If the sentence is true, then it is a lie as it says. But if it is a lie, it cannot be true. A lie cannot also be a truth. So the sentence being true makes it a lie.
On the other hand, if the sentence is a lie, then it is not as it says: it is true. But that is just what the sentence says, which makes the content of the sentence true. So the sentence being a lie makes it true.
This paradox is not just true in English, but in any language powerful enough for a sentence to make a claim about itself. This is true of mathematics as well. Paradox can never be removed from any symbol system that makes claims about itself.
Another example is the statement that "there is no cabal". Only a cabal can know if there is no cabal, so this is either a guess, or, it is a cabal trying to pretend it does not exist.
Not all paradoxes are true logical paradoxes, since they can also be common-sense-defying statements that appear true. Some famous examples of this kind of paradox include:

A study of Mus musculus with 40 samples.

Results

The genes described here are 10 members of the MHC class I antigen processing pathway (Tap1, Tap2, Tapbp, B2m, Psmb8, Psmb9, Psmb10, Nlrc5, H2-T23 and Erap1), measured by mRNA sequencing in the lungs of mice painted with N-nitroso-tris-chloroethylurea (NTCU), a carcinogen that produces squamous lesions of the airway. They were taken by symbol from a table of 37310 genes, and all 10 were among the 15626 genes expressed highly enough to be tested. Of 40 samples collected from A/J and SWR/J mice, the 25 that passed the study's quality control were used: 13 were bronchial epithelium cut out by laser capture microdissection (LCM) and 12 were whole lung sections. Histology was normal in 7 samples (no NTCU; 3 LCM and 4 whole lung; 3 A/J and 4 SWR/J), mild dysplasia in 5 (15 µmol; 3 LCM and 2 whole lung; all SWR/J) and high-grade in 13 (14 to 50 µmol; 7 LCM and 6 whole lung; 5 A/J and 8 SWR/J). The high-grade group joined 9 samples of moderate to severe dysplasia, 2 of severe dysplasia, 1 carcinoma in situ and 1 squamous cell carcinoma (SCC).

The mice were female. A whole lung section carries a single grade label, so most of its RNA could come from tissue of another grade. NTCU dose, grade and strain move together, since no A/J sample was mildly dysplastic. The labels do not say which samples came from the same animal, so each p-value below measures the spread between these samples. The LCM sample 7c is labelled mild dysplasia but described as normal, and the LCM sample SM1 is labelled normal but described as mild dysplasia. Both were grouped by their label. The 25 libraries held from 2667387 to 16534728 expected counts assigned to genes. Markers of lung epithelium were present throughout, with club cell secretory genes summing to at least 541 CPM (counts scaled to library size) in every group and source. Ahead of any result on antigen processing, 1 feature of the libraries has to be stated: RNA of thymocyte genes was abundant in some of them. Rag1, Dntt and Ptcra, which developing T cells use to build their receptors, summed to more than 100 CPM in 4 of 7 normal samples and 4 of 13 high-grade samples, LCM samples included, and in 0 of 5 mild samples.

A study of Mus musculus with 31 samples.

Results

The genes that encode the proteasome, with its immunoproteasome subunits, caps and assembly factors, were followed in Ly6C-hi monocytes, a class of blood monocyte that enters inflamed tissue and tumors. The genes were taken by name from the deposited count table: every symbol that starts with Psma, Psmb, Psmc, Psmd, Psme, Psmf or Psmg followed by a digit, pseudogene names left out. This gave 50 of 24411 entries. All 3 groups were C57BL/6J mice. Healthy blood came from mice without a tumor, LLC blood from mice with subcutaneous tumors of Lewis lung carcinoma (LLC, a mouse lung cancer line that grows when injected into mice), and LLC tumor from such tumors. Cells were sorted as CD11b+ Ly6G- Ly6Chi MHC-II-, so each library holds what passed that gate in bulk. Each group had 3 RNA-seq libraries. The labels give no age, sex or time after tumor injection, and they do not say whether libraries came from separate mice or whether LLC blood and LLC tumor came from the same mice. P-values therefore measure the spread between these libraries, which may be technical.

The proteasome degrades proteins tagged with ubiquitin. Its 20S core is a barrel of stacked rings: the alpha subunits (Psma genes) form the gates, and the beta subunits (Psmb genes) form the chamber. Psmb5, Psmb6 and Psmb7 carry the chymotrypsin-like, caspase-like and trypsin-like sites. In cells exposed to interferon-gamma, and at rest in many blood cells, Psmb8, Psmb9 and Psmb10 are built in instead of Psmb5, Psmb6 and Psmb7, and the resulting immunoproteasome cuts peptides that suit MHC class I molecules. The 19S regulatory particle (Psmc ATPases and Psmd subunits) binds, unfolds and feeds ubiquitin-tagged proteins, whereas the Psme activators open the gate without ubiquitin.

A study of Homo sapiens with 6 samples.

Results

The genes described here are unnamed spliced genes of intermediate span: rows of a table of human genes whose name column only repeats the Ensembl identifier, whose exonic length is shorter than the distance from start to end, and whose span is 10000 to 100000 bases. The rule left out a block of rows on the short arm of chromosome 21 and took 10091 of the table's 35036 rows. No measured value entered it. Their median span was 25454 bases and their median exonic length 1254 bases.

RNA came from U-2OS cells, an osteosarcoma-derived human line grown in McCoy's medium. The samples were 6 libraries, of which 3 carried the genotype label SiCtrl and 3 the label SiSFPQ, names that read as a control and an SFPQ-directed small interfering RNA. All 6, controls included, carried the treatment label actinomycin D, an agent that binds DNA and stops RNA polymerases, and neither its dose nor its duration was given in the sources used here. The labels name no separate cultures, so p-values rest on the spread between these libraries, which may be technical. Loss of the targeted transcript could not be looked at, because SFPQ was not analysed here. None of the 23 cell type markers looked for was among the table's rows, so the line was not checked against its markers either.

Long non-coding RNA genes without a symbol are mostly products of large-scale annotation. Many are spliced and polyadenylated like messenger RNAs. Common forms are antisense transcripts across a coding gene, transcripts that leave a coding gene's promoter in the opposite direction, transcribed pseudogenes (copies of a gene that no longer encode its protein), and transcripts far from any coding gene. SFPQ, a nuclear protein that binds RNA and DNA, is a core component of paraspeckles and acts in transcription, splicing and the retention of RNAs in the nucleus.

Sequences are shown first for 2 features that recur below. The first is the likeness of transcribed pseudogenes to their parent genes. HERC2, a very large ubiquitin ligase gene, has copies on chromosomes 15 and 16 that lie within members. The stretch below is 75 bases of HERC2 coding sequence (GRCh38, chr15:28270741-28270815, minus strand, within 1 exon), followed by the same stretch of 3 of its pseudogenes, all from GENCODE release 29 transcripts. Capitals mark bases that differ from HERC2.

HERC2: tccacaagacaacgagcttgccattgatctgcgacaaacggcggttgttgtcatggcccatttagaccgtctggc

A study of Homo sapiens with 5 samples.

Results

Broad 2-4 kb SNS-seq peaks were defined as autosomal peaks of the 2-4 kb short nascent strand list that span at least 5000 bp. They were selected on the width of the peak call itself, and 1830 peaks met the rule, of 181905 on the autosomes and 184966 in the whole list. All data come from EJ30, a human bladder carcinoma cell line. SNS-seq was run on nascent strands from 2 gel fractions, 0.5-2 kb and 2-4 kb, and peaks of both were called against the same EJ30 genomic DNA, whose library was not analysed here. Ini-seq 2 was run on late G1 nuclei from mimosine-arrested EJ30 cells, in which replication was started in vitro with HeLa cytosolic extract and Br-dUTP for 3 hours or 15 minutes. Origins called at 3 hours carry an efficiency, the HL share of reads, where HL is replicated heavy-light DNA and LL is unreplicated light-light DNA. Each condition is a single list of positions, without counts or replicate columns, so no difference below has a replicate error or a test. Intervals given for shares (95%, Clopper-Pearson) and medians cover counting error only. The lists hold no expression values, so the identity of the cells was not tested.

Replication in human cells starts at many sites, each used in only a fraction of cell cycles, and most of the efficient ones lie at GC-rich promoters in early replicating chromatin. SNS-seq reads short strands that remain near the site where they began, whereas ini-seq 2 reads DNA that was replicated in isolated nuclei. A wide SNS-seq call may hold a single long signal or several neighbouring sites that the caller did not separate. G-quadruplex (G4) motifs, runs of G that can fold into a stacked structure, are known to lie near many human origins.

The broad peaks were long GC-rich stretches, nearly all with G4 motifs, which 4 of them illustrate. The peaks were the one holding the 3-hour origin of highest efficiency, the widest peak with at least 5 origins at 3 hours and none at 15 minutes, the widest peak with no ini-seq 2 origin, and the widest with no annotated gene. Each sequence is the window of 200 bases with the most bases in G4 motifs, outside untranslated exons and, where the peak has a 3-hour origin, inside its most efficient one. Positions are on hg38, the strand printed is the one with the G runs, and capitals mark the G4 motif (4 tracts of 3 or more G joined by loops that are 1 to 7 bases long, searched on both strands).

A paradox can also arise in ethics. Assuming power over others may sometimes be required to protect them while diminishing their right to autonomy. This is defined as an ethical dilemma, which means "a paradox arising in ethics". Similarly, an ethical dilemma may be resolved by re-framing of the problem to reveal the false contradiction.
Because a paradox forces one to think "out of the box" about possibilities other than true or false in logic, right or wrong in morality, it is often brought up for educational purposes. People who do not see a paradox where others do are likely to be too certain that they are right.
Related pages[change | change source]
References[change | change source]
- "The Definitive Glossary of Higher Mathematical Jargon". Math Vault. 2019-08-01. Retrieved 2020-10-08.
- "Definition of PARADOX". www.merriam-webster.com. Retrieved 2020-10-08.